Philosophical Multicore

Sometimes controversial, sometimes fallacious, sometimes thought-provoking, and always fun.

An Analysis of The Pennycandystore Beyond the El

Posted by Michael Dickens on September 1, 2010

A poem by Lawrence Ferlinghetti:

The pennycandystore beyond the El
is where I first
               fell in love
                           with unreality
Jellybeans glowed in the semi-gloom
of that september afternoon
A cat upon the counter moved along
                           the licorice sticks
               and tootsie rolls
      and Oh Boy Gum

Outside the leaves were falling as they died

A wind had blown away the sun

A girl ran in
Her hair was rainy
Her breasts were breathless in the little room

Outside the leaves were falling
                     and they cried
                                  Too soon! too soon!

This is a deep poem which is often misinterpreted. It has been interpreted to represent childhood, but at a deeper analysis it is understood to tell the story of the downfall of mankind.

To examine the poem line by line:

The pennycandystore beyond the El

This represents the fact that life is cheap and people are reckless with it. This means not just individual life, but the life of society.

is where I first / fell in love

Here, the narrator actually represents the personified End of Humanity. The End fell in love with humanity and because of this realized that He had to bring humanity to its doom.

Jellybeans glowed in the semi-gloom

The jellybean represents humans. Even at the end of our days, we glow with brightness and strength. Alas, it is not to be for much longer.

of that september afternoon

Humanity is waning. It is autumn, late in the afternoon. This is a double-metaphor for the waning of humanity. The afternoon represents the waning of individual life, while September is near the closing of the year — humanity is almost over.

A cat upon the counter moved along / the licorice sticks / and the tootsie rolls / and Oh Boy Gum

Nature, as represented by the cat, is unperturbed by human civilization and merely steps around it. The fact that humans are represented by candy is not simply ironic because of their inanimateness, but also speaks to the frailty of man. We are but a lowly species that could be easily devoured by nature.

Outside the leaves were falling as they died

Leaves, like candy, represents humanity. In fact, all the inanimate objects in this poem represent humanity. Like candy, leaves are helpless and fragile. Leaves are only part of a larger being; an individual leaf is virtually meaningless. Humanity is dying, and will soon fall from the tree of life.

A wind had blown away the sun

The sun epitomizes the last hope for humanity. More than any other symbol, the sun gives life. We cannot survive long without the sun; and, even in the direst of circumstances, it is still possible to survive as long as the sun is there. But when the sun — a seemingly immovable object, grounding the the very force of human life — is blown away by a casual wind, humanity becomes truly doomed.

A girl ran in

The girl in this poem can only represent God. At the dusk of mankind, She at last steps in to try to save humanity.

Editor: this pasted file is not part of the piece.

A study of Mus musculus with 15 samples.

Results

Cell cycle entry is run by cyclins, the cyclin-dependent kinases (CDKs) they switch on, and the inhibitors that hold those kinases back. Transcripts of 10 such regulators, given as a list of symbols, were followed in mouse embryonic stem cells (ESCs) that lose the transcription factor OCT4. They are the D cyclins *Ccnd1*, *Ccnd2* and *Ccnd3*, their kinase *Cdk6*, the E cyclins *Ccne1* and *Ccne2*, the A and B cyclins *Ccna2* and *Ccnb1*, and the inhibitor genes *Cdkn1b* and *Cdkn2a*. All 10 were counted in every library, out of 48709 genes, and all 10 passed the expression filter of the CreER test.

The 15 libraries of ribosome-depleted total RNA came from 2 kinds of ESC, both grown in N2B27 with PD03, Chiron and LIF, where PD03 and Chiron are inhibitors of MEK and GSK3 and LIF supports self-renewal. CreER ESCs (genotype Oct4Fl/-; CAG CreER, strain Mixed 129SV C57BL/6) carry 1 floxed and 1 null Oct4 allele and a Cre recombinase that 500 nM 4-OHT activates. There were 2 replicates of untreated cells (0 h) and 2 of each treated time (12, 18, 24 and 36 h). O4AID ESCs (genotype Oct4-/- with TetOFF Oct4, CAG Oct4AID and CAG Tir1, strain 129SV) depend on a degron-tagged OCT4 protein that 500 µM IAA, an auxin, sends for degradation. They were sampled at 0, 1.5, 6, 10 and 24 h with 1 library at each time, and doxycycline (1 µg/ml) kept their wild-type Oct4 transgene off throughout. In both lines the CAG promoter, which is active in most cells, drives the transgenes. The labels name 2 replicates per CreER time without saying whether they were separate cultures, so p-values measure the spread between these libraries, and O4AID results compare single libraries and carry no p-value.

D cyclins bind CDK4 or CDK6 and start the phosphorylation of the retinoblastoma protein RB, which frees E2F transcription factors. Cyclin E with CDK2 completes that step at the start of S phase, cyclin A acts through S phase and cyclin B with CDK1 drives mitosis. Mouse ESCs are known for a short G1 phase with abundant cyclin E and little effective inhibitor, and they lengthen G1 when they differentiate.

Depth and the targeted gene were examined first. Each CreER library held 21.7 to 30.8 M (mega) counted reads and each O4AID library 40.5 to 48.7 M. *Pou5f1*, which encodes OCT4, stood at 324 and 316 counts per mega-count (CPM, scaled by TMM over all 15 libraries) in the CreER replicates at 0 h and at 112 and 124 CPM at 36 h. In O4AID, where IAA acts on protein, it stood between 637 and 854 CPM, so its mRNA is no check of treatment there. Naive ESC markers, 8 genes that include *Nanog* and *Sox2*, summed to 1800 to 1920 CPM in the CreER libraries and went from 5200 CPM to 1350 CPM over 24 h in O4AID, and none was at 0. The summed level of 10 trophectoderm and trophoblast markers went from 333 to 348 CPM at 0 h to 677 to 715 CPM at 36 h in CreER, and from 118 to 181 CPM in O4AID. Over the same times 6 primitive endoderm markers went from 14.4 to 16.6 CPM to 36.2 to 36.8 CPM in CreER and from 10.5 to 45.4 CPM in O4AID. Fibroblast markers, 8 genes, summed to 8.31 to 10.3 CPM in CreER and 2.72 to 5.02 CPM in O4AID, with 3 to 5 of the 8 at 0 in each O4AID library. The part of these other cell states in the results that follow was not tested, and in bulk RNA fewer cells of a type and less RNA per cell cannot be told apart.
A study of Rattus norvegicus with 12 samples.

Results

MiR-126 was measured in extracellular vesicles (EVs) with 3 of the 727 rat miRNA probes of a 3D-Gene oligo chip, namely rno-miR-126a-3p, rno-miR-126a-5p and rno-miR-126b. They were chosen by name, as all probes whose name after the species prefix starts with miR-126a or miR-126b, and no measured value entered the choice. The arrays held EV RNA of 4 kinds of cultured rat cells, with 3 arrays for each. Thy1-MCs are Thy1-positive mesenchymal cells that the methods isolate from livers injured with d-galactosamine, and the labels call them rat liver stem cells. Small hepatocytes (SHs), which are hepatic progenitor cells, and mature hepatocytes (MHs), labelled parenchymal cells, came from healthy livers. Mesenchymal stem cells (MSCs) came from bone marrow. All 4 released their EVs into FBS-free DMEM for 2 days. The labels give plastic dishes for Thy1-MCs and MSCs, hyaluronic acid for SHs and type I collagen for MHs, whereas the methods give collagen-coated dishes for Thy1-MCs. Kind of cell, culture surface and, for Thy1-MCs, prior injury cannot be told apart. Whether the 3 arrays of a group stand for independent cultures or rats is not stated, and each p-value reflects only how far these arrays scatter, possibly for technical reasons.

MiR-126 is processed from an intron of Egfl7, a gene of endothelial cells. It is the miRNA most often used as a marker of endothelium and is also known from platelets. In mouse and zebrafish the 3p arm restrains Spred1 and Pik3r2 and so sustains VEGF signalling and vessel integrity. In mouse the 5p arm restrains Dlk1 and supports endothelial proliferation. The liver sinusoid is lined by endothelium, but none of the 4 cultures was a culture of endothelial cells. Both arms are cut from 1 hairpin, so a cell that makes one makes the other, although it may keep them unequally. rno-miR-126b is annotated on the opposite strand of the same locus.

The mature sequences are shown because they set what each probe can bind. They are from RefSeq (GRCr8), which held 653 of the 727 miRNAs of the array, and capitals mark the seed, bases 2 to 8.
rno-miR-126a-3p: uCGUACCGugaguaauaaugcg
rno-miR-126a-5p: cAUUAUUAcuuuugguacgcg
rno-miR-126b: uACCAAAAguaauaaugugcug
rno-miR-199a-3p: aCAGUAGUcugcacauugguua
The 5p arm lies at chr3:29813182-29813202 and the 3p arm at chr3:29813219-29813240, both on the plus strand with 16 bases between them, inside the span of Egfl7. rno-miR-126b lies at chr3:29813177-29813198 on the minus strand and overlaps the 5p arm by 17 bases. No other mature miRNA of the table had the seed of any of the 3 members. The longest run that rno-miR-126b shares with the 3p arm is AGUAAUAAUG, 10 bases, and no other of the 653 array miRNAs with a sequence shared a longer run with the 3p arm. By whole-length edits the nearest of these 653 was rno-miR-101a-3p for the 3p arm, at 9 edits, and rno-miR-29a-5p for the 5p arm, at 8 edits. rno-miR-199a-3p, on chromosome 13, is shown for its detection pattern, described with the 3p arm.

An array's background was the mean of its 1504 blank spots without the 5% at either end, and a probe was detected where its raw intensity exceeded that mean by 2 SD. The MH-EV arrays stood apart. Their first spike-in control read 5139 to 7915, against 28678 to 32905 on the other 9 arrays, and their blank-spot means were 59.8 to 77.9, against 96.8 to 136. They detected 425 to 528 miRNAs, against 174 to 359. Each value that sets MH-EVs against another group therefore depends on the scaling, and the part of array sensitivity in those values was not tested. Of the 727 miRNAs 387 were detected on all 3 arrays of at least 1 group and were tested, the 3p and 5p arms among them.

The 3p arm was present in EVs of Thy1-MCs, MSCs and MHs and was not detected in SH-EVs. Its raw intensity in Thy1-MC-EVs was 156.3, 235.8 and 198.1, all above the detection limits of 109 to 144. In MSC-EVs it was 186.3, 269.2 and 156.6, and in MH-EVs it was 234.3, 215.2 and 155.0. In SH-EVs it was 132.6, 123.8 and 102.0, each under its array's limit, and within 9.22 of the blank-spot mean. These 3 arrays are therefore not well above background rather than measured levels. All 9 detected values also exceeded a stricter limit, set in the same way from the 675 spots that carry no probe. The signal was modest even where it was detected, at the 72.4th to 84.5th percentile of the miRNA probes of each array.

Her hair was rainy

Rain is the opposite of sun; where sun gives life, rain brings darkness. Even God is covered in rain, even God cannot stop the End. The great shadow cast by the End falls over not just humanity, but God Herself.

Her breasts were breathless in the little room

A woman’s breasts symbolize nurturing. God has the power to nurture humanity, but She is breathless, i.e. weak: she no longer has the power to help us.

Outside the leaves were falling

Notable here is the repetition of the falling of the dry, crumpled and lifeless humanity. This is arguably the most important portion of the poem. It serves to re-emphasize that we are utterly doomed, that our time is coming soon and we are powerless to stop it.

and they cried

Here “cried” doesn’t just mean that the leaves shouted, but it they actually wept at their own demise.

Too soon! too soon!

We don’t want our legacy to end. But there is nothing we can do about it. Even God cannot save us now. The End is coming, and the End cannot be stopped. All hope for humanity is gone.

6 Responses to “An Analysis of The Pennycandystore Beyond the El”

  1. Bort said

    This is embarrassing to read. Shame on you.

  2. I don’t know if this was Ferlinghetti’s original meaning, but your interpretation has created a beautiful and haunting image, especially of humanity glowing even as all light fades away.

  3. abigail cato said

    i dont see it like dis

    • Jim said

      Whaaat? You don’t? Amazing! It’s so obvious. No doubt you think Wordsworth’s little ditty is about daffodils and have no idea whatsoever that they represent the hunchback of Notre Dame. Read it again and all will become clear – assuming you get to it before WWIII (which is what is really meant by the cloud that floats on high – although you probably did know that). Any other poems ready for butchering?

  4. wordguild said

    This poem is about a boy who, pursing boyish enthusiasms, suddenly discovers something more interesting than the candy that glows with promise on the counter of the penny candy store . I agree that it is a deep poem, but not for the labored and overly depressing reasons you do– the power of this poem is in the sudden awakening of sexual awareness, paired with an awareness of transcience, of death. . . the boy seeing athe girl as an object of desire for the first time while also aware of the leaves falling outside, dying–too soon–he is suddenly and poignantly aware of the joy life promises, and of its brevity.

  5. Jim said

    This is an utterly absurd interpretation. The intended meaning is clear and I have no doubt, personal in the memory of every heterosexual male. Michael, forgive me for asking but are you by an chance gay?